Literary Agent Interview: Laura Blake Peterson of Curtis Brown, Ltd.

“Agent Advice” (this installment featuring agent Laura Blake Peterson of Curtis Brown) is a series of quick interviews with literary agents and script agents who talk with Guide to Literary Agents about their thoughts on writing, publishing, and just about anything else. This series has more than 170 interviews so far with reps from great literary agencies. This collection of interviews is a great place to start if you are just starting your research on literary agents.

This installment features Laura Blake Peterson of Curtis Brown, Ltd. Laura began her career in publishing at Curtis Brown as a summer intern. She is a graduate of Vassar College and has been with Curtis Brown since 1987, representing a wide range of fiction, nonfiction and books for children. She lives in Hunterdon County, N.J.

She is seeking:
Her client list reflects a wide range of interestsincluding memoir and biography, natural history, literary fiction, mystery, suspense, women’s fiction, health and fitness, children’s and young adult, faith issues and popular culture.

 

 

GLA: How did you become an agent?

LBP: I was an English major at Vassar, so I knew whatever I did would have something to do with books. I’d never really investigated the role of a literary agent. What I knew of agents was from the perspective of my boyfriend at the time, an (oft-rejected) unpublished writer who was endlessly querying literary agents, characterizing them as parasites that lived off the creative juices of talented writers. So I thought to myself, “That’s for me!”. I wrote to Perry Knowlton, CEO of Curtis Brown, Ltd., who offered me a job as a summer intern. I came back to Curtis Brown two weeks after graduation and I’ve been here ever since.

(Read an interview with Curtis Brown agent Sarah LaPolla.)

GLA: What’s something coming out now that you repped and are excited about?

LBP: I’m thrilled to see both Robert Michael Pyle’s Mariposa Road; and Moral Ground: Ethical Action for a Planet in Peril, edited by Kathleen D. Moore and Michael P. Nelson come out this fall.

GLA: You’ve been with Curtis Brown since 1987. Overall, how has the industry changed in this time, and has your approach to agenting shifted as a result? 

LBP: It would be much easier to describe what has remained the same since so much has changed in the last 25 years. Obviously electronic publishing has introduced an entirely new economic landscape for authors, agents, publishers and readers, and Curtis Brown remains at the forefront of ensuring our authors’ rights are protected in a time when many issues related to ePublishing are still evolving. As well, I think there are many more agents than there used to bemany of them former editors who bring their editorial skills, contacts and knowledge of the business to bearso the competition for talented writers can be tough. I think we have an edge, however, as the breadth of our experience and expertise has kept Curtis Brown a leader in our industry for nearly 100 years.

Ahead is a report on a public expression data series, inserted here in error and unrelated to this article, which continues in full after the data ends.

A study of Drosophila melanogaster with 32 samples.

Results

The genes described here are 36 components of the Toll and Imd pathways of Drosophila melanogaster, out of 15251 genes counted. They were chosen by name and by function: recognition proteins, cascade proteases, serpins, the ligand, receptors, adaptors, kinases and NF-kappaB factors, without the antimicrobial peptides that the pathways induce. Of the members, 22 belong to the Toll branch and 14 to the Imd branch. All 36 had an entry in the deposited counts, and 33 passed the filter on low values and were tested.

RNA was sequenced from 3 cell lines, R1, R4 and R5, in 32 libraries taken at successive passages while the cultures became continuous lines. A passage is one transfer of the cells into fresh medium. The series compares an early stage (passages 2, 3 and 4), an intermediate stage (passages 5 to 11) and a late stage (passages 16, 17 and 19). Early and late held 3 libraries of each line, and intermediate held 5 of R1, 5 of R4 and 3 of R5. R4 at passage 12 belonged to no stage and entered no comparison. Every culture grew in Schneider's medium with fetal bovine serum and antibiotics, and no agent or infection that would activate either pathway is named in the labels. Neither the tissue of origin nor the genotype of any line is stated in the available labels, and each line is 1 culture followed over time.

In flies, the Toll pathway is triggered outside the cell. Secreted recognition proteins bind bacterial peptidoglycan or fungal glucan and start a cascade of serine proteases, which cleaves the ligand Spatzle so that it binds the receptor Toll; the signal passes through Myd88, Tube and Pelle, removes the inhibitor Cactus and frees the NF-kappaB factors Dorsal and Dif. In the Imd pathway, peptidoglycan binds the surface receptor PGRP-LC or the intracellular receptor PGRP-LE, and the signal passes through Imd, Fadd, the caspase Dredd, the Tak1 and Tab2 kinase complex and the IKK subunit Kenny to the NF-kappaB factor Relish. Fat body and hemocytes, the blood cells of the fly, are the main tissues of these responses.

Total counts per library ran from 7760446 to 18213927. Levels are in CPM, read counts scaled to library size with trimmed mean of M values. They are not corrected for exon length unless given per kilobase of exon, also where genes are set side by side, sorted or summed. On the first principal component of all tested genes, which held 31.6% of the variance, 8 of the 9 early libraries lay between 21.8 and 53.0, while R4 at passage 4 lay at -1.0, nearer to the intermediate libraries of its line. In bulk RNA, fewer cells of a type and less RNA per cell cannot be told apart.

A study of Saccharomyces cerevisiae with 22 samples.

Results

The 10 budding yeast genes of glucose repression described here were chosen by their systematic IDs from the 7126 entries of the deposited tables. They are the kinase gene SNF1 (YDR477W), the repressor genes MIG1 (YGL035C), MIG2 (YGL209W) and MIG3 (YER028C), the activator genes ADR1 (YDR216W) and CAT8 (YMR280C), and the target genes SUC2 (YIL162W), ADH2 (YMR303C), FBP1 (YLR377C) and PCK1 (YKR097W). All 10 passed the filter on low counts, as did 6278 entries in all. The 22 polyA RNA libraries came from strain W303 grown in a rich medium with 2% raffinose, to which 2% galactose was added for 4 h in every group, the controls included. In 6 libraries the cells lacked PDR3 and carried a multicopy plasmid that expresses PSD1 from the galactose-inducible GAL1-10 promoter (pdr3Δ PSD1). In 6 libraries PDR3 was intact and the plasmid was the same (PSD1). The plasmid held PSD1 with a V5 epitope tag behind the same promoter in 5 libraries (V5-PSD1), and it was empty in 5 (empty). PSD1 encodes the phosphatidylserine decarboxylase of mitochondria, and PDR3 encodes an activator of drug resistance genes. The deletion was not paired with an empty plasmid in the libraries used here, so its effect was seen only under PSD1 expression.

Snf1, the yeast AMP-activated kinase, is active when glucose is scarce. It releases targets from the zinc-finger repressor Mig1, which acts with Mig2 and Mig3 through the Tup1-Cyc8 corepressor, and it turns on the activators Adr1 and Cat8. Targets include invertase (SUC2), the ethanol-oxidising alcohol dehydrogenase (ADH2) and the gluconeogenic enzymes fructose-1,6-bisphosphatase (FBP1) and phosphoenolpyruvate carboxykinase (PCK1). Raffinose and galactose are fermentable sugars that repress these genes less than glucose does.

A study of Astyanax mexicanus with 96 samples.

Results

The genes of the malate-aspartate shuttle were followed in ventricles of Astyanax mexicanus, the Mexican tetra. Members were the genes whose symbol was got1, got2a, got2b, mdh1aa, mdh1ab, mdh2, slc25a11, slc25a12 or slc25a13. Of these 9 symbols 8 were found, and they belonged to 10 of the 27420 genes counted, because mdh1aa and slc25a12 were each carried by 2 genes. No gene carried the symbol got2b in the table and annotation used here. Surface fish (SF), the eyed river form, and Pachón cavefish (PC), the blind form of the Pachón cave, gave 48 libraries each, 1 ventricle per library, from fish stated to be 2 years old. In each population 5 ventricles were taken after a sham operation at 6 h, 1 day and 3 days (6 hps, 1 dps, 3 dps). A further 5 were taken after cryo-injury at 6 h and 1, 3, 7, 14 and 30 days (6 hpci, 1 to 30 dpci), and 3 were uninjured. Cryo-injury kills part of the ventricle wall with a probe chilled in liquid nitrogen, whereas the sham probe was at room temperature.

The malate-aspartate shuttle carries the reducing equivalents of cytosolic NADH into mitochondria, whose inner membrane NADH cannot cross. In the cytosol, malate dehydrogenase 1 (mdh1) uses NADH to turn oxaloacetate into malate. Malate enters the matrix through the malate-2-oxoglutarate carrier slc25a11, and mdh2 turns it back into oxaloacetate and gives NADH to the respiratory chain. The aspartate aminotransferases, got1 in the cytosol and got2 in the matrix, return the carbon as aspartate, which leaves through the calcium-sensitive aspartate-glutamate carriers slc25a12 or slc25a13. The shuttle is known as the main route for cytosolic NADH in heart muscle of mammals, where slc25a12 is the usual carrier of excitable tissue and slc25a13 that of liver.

GLA: You represent both literary fiction and women’s fiction. How would you describe the difference between the two, and where do they overlap? 

LBP: Literary fiction has a high caliber of stylistic expression; women’s fiction is a large category covering all fiction which is geared toward women. Some women’s fiction can be considered literary, but obviously the reverse is not the case.

(Look over our growing list of literary fiction agents.)

GLA: You represent young adult novels. Specifically, do you specialize in or seek any subgenres?

LBP: No I do not.

 


LBP: 1. Spelling errors. 2. Grammatical errors. 3. Spelling and grammatical errors. (Personally, I am not a huge fan of synopses. I’m not sure I’ve ever read one and thought it was all that helpful or well-written.)

GLA: Say you’re reading a partialwhere are writers going wrong in the first twenty pages of a novel? 

LBP: Many novels don’t actually get going until about page 75 since many less-skilled writers spend that many pages on exposition. Start the book on page one. Let the characters drive the plot. Stay away from contrived, over-wrought and cliché plot lines.

GLA: Will you be at any upcoming writers conferences where people can meet/pitch you? 

LBP: Not at this time.

GLA: Best way to contact you?

LBP: E-mail lbp[at]cbltd[dot]com, or snail mail.

GLA: Something personal about you writers may be surprised to know? 

LBP: I represented the boyfriend I mentioned earlier, who went on to write many books for Grand Central and Random House, and was translated into many different languages (even though we broke up).

GLA: Best piece(s) of advice we haven’t discussed? 

LBP: There’s a difference between writing and publishing. Writing is an individual sport; publishing is all about team play. Never confuse the two.

 

Agent interview by Donna Gambale,
who works an office job by day, writes young
adult novels by night, and travels when possible.
She blogs at the First Novels Club and is the
author of a mini kit, Magnetic Kama Sutra.




  1. Chuck Sambuchino

    Synopses are designed to show the complete plot and structure of a story. I think what they do is simply prove the story has a successful resolution. In other words, a synopsis can reveal if your story has no ending. If you have a fine synopsis, then the agent’s reaction is neutral. In other words, a good synopsis produces no reaction, and this is good in a "no news is good news" sense. A bad synopsis reveals flaws.